Session 11 – Rights of Persons Belonging to National Minorities

As prepared for delivery by U.S. Head of Delegation J. Brian Atwood | OSCE Human Dimension Implementation Meeting | Warsaw, September 29, 2014

Our statement this morning focused on the individual rights of persons belonging to national minorities as a primary concern in the Human Dimension from the start of Helsinki process. This afternoon, the United States will address additional concerns regarding the treatment of persons belonging to national minorities among the participating States.

Although Kosovo is still wrongfully denied a seat at the OSCE, the United States continues to view our Human Dimension discussions as applicable to that country, especially with regard to the rights of persons belonging to ethnic minorities. There has been progress since the April 2013 agreement between Kosovo and Serbia, which offers new opportunities for the Kosovo-Serb community to participate in Kosovo’s institutions. We call on all ethnic groups in Kosovo to take advantage of this new opportunity to heal old wounds and move forward as part of a multi-ethnic Kosovo that respects the rights of all its citizens.

Members of ethnic minorities in Kosovo, which include Serb, Romani, Ashkali, Balkan Egyptian, Turkish, Bosniak, Gorani, Croat, and Montenegrin communities, still face varying levels of institutional and societal discrimination in areas such as employment, education, social services, language use, and restrictions on their freedom of movement and the ability of internally displaced persons to return to their homes.  While the police make efforts to prosecute vandalism, Serbian Orthodox cemeteries and churches continue to come under attack. Reports of violence and other crimes directed against minority individuals and their property persist and require increased measures of protection. At the same time, we commend efforts to facilitate implementation of legislation conferring equal status on the country’s official languages, with help from the High Commission on National Minorities.

Political leaders in Macedonia must give greater priority to integration in the education system

Inter-ethnic tensions also continue to be a concern in Macedonia. In July, there were protests with ethnic dimensions over the “Monster” case verdict. The incidents reflect a worrisome trend of increasingly strained relations between ethnic Macedonians and ethnic Albanians. Political leaders on both sides must demonstrate renewed commitment to bridging this divide and act accordingly. They must also give greater priority to integration in the education system, enabling a younger generation to re-establish inter-ethnic ties and find new opportunities to advance.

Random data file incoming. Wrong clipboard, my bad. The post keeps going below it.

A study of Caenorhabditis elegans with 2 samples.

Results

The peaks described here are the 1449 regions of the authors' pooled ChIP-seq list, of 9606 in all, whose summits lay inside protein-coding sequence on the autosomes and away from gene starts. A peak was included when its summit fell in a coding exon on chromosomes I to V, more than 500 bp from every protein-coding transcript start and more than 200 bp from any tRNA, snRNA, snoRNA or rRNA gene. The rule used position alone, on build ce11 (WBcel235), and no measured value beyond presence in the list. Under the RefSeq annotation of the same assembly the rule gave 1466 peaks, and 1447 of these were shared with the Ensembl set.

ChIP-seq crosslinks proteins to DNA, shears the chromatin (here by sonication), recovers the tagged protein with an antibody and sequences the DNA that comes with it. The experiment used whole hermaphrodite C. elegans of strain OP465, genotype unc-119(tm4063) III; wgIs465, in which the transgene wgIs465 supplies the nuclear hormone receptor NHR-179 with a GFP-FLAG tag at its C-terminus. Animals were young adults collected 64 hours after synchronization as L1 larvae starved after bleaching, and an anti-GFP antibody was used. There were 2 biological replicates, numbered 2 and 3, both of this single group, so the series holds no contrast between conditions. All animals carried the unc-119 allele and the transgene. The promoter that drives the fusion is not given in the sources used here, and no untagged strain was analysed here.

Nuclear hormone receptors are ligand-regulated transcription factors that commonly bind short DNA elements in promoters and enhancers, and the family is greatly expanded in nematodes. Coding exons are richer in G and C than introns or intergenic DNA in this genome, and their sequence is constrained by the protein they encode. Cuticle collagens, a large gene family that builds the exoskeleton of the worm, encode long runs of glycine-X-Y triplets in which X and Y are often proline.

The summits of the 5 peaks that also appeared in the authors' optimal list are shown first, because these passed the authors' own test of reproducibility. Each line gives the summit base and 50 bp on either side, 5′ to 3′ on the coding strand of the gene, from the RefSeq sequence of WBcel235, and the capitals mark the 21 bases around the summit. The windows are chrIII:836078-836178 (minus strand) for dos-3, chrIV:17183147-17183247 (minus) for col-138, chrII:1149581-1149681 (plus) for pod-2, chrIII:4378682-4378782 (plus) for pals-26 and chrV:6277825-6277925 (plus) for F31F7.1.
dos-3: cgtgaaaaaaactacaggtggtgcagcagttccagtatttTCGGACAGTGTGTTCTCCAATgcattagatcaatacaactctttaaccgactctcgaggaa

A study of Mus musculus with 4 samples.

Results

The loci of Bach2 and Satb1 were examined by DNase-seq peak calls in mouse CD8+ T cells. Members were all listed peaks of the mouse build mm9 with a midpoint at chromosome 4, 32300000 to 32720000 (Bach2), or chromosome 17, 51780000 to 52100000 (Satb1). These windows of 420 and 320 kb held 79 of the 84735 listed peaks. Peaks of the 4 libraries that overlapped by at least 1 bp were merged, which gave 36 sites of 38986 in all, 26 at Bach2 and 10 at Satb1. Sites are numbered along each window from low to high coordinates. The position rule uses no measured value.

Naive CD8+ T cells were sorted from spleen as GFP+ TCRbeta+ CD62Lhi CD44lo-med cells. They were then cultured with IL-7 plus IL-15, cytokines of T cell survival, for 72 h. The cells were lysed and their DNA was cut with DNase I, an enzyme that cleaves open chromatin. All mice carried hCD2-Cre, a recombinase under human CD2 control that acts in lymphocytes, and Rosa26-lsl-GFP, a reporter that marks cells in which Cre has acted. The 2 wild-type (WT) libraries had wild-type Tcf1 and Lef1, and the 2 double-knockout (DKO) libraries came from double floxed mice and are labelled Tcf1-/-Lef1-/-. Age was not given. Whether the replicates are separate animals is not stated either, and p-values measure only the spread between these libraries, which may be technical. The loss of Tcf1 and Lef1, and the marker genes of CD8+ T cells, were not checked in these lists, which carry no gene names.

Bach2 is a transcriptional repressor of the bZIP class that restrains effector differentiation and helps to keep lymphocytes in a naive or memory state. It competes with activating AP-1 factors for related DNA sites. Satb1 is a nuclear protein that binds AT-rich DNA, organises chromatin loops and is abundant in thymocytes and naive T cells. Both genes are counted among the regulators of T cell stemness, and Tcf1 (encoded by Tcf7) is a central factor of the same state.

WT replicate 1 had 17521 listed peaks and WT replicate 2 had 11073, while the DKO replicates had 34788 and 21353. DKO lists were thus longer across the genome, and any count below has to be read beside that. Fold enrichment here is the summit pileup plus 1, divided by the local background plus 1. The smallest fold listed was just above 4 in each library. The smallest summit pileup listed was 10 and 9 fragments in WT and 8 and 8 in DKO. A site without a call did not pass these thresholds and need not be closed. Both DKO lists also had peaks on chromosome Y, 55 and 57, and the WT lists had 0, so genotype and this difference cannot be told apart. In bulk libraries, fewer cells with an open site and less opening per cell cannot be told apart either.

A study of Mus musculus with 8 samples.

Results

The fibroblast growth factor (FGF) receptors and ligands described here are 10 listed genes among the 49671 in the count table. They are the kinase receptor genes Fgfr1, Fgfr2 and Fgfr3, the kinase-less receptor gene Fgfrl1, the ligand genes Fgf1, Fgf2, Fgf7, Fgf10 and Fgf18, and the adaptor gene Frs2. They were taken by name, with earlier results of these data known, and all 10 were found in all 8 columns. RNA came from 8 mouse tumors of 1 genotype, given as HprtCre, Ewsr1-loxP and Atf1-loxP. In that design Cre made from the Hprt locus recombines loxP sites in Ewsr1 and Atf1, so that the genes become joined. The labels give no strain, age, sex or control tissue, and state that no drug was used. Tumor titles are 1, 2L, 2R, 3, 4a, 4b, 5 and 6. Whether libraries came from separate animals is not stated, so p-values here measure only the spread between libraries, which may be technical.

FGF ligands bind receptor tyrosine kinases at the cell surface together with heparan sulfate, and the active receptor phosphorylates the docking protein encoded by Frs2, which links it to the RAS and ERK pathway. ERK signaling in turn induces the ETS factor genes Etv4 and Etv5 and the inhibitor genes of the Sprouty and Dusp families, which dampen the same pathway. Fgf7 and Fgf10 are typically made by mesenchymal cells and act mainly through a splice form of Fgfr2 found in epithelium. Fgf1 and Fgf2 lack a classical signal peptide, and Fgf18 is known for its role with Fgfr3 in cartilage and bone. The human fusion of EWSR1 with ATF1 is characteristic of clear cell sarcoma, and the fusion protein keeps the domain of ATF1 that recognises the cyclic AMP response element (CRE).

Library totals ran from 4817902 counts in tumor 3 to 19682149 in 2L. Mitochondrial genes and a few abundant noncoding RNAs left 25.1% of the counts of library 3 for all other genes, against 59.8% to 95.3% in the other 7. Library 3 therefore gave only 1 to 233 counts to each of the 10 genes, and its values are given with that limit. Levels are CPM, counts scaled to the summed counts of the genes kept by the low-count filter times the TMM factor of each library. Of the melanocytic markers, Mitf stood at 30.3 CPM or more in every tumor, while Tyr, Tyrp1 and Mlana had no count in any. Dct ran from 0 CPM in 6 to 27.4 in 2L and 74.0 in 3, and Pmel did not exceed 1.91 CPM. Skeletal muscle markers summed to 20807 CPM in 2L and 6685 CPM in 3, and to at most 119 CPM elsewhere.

In Bulgaria, where parliamentary elections will take place October 5th, campaigning in languages other than Bulgarian remains prohibited by law. This effectively denies members of minority groups the right to use their native tongue.

In Greece, although the government recognizes an individual’s right to self-identification, many individuals who define themselves as members of a minority group find it difficult to express their identity freely and maintain their culture. Even the officially recognized “Muslim minority” in Thrace continues to face discrimination and social exclusion.

Turkey officially recognizes only three non-Muslim minorities

Turkey is similarly restrictive in its overall approach to minorities, officially recognizing only three non-Muslim minorities and limiting linguistic, religious and cultural rights of those belonging to other ethnic or religious minorities. While there has been welcome progress for Kurdish speakers in education, the law, and public services, other groups face varying levels of pressure to assimilate.

The April elections in Hungary heightened concerns about establishing a polity based on ethnic or blood identity. Those who received citizenship based on ethnicity as a result of the 2010 amendments to the Act on Hungarian Citizenship – primarily people living in Hungary’s neighboring states – were allowed to vote on a preferential basis relative to other Hungarian citizens living outside of Hungary. Those registering as minority voters had to choose between voting as a “Hungarian” on the national lists or voting on a separate list as a national minority, where their votes would have little political weight. Minority voters also had to be publicly identified, effectively violating the secrecy of the ballot. In fact, only a tiny fraction of Hungary’s ethnic minorities participated in the election because of this voting system, and thousands of Roma removed themselves from the municipal lists of “minority voters” prior to election day.

Finally, I wish to note that the conditions of the Uzbek community in southern Kyrgyzstan remain a concern to the United States. Ethnic Uzbeks continue to face police abuse, threats of arrest and imprisonment, and unfair trial proceedings. I would like to take this opportunity to congratulate Spravedlivnost, which won this year’s Max van der Stoel Award for advocating on behalf of those unjustly jailed and for fostering interethnic reconciliation in the country. We call on the government authorities in Kyrgyzstan to do their part to promote reconciliation, including by promoting the participation of persons belonging to ethnic minorities in all state structures.